URBANA - Producers, buyers, sellers, and distributors in Illinois now have an online marketing tool. MarketMaker is an interactive website designed to find supply chain partners and to improve knowledge of where food consumers are located and how they make food related purchasing decisions.
The website, which is located at http://www.marketmaker.uiuc.edu, is a collaboration between the University of Illinois Initiative for the Development of Entrepreneurship in Agriculture (IDEA), the Illinois Department of Agriculture and C-FAR (Illinois Council on Food and Agricultural Research).
"The idea is to provide a one-stop shop for strategic marketing information for producers and food retailers alike," says Darlene Knipe, principal investigator for the project. "There is an abundance of marketing data available via the Internet and through various trade magazines, but to a novice user it can be a bit overwhelming. We’ve attempted to distill and organize that information into an easy-to-use interactive site." State-of-the-art mapping tools let users visualize strategic marketing information.
The idea for MarketMaker was an outgrowth of previous C-FAR projects that explored market opportunities for value-added meat products. The project required extensive market reconnaissance to gain a working knowledge not only of the end consumer but also of the all the steps from the farm to the plate. Good marketing decisions are predicated upon having good, practical marketing data, Knipe says.
Peter Goldsmith of the University of Illinois Department of Agricultural and Consumer Economics, and a member of the MarketMaker team, explains, "We had to be able to answer questions like who are the consumers that were most likely to buy the kinds of products we were evaluating. For every marketing question we’re able to answer, new ones emerged. What businesses were currently serving those consumers? Would they be potential partners in a venture with producers that offered a better product?
"Through that process we amassed an extensive archive of marketing data. Farmers engaged in value-added ventures began requesting marketing information for their own business plans, and the need for a better way to disseminate marketing information became apparent."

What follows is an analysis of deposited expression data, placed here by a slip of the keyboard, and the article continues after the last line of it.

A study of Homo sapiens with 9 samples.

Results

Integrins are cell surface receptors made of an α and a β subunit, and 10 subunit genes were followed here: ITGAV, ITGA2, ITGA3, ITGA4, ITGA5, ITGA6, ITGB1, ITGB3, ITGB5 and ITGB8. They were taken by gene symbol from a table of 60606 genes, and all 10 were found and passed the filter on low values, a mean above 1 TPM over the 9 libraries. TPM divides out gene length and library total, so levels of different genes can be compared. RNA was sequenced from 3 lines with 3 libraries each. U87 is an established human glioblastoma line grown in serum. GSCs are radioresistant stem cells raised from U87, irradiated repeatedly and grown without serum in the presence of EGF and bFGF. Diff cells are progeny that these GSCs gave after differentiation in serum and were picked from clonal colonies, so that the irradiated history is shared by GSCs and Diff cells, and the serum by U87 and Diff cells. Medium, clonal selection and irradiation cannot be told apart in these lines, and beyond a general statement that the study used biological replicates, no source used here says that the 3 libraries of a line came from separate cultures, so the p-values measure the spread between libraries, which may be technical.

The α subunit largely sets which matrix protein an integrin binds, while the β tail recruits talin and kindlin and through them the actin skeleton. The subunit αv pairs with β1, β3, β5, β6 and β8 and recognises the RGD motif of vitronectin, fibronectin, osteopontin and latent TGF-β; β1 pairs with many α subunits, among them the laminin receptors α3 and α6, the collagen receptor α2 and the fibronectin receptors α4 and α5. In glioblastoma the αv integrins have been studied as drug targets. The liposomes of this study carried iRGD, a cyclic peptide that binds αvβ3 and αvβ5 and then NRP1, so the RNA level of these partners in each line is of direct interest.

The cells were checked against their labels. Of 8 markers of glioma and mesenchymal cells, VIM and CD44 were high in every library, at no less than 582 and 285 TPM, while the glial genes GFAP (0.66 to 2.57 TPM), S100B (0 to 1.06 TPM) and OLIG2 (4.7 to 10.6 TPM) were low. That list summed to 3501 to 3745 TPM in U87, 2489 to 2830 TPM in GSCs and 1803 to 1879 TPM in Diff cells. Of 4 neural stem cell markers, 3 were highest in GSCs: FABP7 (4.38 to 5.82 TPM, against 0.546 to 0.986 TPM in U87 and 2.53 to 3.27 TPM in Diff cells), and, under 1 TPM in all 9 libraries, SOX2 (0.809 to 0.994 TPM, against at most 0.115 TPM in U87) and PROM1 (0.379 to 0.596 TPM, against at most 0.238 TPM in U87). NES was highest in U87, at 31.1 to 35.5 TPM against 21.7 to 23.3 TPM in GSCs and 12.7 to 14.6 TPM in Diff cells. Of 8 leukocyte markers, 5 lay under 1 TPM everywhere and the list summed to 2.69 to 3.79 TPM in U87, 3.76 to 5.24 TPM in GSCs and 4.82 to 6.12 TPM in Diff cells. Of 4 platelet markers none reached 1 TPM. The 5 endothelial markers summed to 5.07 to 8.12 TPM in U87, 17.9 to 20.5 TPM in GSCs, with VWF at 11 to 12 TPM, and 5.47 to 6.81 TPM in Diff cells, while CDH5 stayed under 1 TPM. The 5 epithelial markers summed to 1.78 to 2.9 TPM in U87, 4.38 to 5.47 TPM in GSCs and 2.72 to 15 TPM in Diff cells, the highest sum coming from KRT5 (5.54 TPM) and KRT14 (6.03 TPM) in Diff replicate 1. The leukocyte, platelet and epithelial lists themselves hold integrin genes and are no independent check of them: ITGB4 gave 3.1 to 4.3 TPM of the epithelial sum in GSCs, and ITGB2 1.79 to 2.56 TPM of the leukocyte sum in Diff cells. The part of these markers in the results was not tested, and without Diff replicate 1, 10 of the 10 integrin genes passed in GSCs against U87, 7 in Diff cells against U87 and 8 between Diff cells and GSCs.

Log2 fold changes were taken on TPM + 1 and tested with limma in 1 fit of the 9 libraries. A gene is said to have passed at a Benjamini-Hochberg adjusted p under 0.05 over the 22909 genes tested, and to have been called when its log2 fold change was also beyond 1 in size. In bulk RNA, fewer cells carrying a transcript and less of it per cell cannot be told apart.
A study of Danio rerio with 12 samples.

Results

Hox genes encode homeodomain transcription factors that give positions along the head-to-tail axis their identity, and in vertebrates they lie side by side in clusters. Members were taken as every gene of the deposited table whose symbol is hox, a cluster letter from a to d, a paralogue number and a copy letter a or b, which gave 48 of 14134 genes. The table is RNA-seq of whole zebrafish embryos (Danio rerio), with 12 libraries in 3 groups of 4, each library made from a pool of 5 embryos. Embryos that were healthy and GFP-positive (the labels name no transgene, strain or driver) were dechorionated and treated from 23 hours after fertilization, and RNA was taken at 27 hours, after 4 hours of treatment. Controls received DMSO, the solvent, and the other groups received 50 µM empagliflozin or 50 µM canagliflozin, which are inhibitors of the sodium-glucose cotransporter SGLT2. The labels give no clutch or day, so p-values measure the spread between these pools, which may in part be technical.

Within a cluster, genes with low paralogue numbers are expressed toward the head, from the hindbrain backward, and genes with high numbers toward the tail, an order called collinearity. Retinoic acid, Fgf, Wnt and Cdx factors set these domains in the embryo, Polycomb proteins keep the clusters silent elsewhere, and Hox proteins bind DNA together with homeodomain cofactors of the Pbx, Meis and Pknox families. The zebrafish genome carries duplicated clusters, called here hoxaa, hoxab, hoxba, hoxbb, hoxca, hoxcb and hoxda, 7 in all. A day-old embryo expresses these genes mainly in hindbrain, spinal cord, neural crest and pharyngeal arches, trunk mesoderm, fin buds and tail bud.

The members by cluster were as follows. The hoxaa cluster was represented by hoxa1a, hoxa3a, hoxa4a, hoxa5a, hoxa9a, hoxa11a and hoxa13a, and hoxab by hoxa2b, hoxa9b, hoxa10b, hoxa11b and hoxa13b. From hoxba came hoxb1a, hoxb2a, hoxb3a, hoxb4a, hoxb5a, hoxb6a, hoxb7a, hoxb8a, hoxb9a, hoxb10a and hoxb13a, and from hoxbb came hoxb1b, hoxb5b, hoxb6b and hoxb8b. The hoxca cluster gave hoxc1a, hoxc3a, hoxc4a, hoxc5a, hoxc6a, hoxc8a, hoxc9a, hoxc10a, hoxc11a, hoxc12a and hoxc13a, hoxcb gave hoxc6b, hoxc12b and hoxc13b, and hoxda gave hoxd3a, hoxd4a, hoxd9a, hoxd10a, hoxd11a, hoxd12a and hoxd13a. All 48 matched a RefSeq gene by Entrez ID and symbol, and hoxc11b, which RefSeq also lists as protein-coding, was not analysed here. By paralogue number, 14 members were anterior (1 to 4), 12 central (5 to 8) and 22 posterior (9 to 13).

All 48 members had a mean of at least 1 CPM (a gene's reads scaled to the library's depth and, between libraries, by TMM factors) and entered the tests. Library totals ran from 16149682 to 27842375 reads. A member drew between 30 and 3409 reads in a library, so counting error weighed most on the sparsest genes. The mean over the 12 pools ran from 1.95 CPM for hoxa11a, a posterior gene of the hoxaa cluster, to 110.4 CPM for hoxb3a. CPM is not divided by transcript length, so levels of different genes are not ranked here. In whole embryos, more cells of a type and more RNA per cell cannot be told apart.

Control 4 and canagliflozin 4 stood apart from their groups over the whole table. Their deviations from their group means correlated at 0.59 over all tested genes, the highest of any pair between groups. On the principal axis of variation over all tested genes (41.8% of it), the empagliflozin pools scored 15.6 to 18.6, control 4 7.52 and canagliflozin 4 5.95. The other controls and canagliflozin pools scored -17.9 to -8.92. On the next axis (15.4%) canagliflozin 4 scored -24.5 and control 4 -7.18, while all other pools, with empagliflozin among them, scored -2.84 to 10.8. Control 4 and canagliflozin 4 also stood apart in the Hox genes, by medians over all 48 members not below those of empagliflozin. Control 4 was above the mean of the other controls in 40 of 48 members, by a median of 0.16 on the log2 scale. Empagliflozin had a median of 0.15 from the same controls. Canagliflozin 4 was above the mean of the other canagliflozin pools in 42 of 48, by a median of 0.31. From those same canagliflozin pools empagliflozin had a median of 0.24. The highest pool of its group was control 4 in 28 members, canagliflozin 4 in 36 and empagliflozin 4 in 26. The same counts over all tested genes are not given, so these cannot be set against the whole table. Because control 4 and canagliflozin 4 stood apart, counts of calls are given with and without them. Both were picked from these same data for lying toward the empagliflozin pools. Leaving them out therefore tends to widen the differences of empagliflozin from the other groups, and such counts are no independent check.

The MarketMaker website includes demographic and business data that the user can query. Details can be summarized on a map to show concentrations of consumer markets and strategic business partners. "Providing this kind of information in a map-based format makes much more sense than business lists and statistical tables," states Pat Curry, a project co-investigator.
For example, a user can request lists of federally inspected packing plants along with a map that identifies their locations. If you are a grocery store owner or manager looking for the closest producer of organic vegetables, you can query the website to find the names and contact information.
Census data is also a feature of the site. For example a producer wanting to sell meat to Hispanic consumers can request a map showing the greatest concentration of upper income Hispanic households, then request a complete demographic profile of those locations. This is the kind of information required in most business plans, but it is also useful in determining feasible target markets. Fact sheets, customized demographic profiles, and supporting research can all be found on MarketMaker.
"We will always be adding and updating the site with new information" says Gina Backes, program coordinator," Right now we are developing a series of materials on marketing to ethnic populations. MarketMaker will always be a work in progress."
The next phase of the project is to build the list of Illinois food producers on the site. Since there is no complete list of Illinois farmers producing and marketing food-related products, University of Illinois Extension educators will be reaching out to the producers statewide to include their ventures in MarketMaker. There is no charge associated with having a business listed on the site.
"Our goal is to make the site a resource for all businesses in the food supply chain," says Knipe. "We are as interested in helping a grocery store find farm-fresh eggs as we are in helping the farmer find a place to sell them, so it's important to include as many producers in our database as possible."
All of these online resources are intended to improve the users' understanding of food marketing and provide better access to regional food markets. Businesses can be added to the database by completing the online form provided on the site or by contacting Gina Backes (email@example.com; 309-796-0512).
If you have questions about MarketMaker contact any member of the development team: Darlene Knipe (firstname.lastname@example.org; 309-792-2500), Gina Backes (email@example.com; 309-796-0512), Pat Curry (firstname.lastname@example.org; 217-782-6515) or Peter Goldsmith (email@example.com; 217-333-5131).